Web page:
Immigrant youth have been sold a story that they have little value in our society and their voices don't matter. They are growing up in a fractured political system with diminishing public trust in our national leaders, and many feel disempowered to make a difference.
We are flipping that narrative by bringing immigrant youth center stage in an ongoing theatrical dialogue with community stakeholders. Throughout history and across cultures, theatre has been used to inspire and move social justice forward, and we are carrying on that important tradition.
We are activating our next generation of artists, innovators and change-makers. We work with them over time to build a critical understanding of the social forces that affect their daily lives and fine-tune their own creative voices to describe their realities and discover their collective power.
Now in its 10th Anniversary Season, People's Theatre Project cultivates ongoing artistic dialogue in NYC’s immigrant neighborhoods to amplify youth voices and grow the next generation of leaders.
People's Theatre Project is a leading provider of creative youth development programs in Upper Manhattan, rooted in social justice. Through the process of devising theatre, participants deepen their sense of power, strengthen their connection to community and develop the skills to become creative, collaborative and compassionate 21st century leaders.
People’s Theatre Project envisions a Washington Heights & Inwood where youth voices are active, powerful, and undeniable.
In 2009, Mino Lora, an immigrant woman from the Dominican Republic and Bob Braswell a long-time New Yorker, co-founded People’s Theatre Project (PTP) in their Upper Manhattan neighborhood with the goal of building a culture of peace through theatre in Washington Heights. In 10 years time, what started as a broad vision of impacting the community through the arts has developed into a trusted community resource showing real results.
People's Theatre Project found its voice in the summer of 2009 when PTP volunteers stopped 200 people on the street to find out what role the arts had in their lives. When respondents were asked about the last time they attended the theater, about 85% of people said they had never been or had attended only once when they were children. When asked if they would be interested in performing on stage with People’s Theatre Project, over 90% of people answered with a resounding “Yes!” or “Claro!”. This was when the founders knew that PTP was not only about bringing stories into the community, but bringing them out of the community as well.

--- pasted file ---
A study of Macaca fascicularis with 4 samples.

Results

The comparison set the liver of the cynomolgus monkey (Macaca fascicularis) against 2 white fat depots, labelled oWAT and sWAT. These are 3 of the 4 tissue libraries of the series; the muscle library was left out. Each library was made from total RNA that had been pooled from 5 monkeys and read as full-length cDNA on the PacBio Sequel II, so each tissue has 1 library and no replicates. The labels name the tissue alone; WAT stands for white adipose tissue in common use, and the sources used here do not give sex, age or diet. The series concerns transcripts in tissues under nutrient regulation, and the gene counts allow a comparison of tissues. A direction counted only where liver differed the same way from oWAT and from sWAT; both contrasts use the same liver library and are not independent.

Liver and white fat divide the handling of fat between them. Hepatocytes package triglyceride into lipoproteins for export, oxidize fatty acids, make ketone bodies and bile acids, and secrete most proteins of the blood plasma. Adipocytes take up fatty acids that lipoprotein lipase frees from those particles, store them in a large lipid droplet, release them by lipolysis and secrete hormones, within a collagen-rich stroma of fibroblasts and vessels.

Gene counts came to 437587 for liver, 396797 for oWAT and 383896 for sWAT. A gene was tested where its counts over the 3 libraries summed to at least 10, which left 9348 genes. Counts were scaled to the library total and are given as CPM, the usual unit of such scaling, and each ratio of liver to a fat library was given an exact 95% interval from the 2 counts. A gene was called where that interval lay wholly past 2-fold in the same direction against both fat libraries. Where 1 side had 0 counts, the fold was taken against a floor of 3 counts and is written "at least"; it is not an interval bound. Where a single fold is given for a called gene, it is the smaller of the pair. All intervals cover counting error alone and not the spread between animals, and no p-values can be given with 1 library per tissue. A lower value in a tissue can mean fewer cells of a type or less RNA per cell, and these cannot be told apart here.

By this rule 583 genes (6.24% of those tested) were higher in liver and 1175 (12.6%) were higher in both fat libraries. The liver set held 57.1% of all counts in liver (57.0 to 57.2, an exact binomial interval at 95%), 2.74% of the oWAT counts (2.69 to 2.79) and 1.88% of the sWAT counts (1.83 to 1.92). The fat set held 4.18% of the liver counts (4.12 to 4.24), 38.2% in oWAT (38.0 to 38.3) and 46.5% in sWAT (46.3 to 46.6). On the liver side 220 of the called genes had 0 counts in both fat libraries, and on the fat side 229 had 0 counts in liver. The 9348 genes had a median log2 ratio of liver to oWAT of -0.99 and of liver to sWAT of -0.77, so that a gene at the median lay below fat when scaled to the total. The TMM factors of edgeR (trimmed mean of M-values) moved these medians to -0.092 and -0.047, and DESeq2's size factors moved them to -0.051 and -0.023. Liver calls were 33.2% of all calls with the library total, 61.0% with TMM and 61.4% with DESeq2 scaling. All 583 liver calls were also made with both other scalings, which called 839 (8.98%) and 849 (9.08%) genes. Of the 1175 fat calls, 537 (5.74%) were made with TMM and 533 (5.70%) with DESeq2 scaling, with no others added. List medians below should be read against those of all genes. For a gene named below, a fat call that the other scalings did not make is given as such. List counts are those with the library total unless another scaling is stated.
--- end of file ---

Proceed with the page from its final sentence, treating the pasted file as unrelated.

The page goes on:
In its first decade, People’s Theatre Project has worked with dozens of uptown schools, and community-based organizations to engage more than 5,000 immigrant youth of color while producing hundreds of in-school performances in addition to annual organization-wide showcases in the community. Working alongside a coalition of community stakeholders, PTP has championed the artistic and cultural renaissance of Upper Manhattan. Early collaborations led to the creation of inspiring organizations including Theatre of the Oppressed NYC, Word Up Community Bookshop, as well as the opening of the United Palace Theatre to the community. Innovative partnerships with the Mayor’s Office of Immigrant Affairs, the Manhattan District Attorney’s Office of Immigrant Affairs, and Northern Manhattan Coalition for Immigrant Rights have brought PTP’s community-created performances to every corner of the neighborhood and across 4 boroughs. In the summer of 2014, PTP was funded by the US Embassy to devise theatre with youth from San José De Los Llanos and present at the International Theatre Festival in Santo Domingo. People's Theatre Project returned to the island in Summer 2016 through a collaboration with the DREAM Project.
In Spring 2017, People's Theatre Project embarked on a facilitated strategic planning process to reflect on the organization’s past, present and proposed future direction. The process resulted in a refreshed mission and vision centered on neighborhood youth, a renewed commitment to Washington Heights and Inwood, and strategic priorities for the next three years including the launch of the Academy and the PTP Ensemble.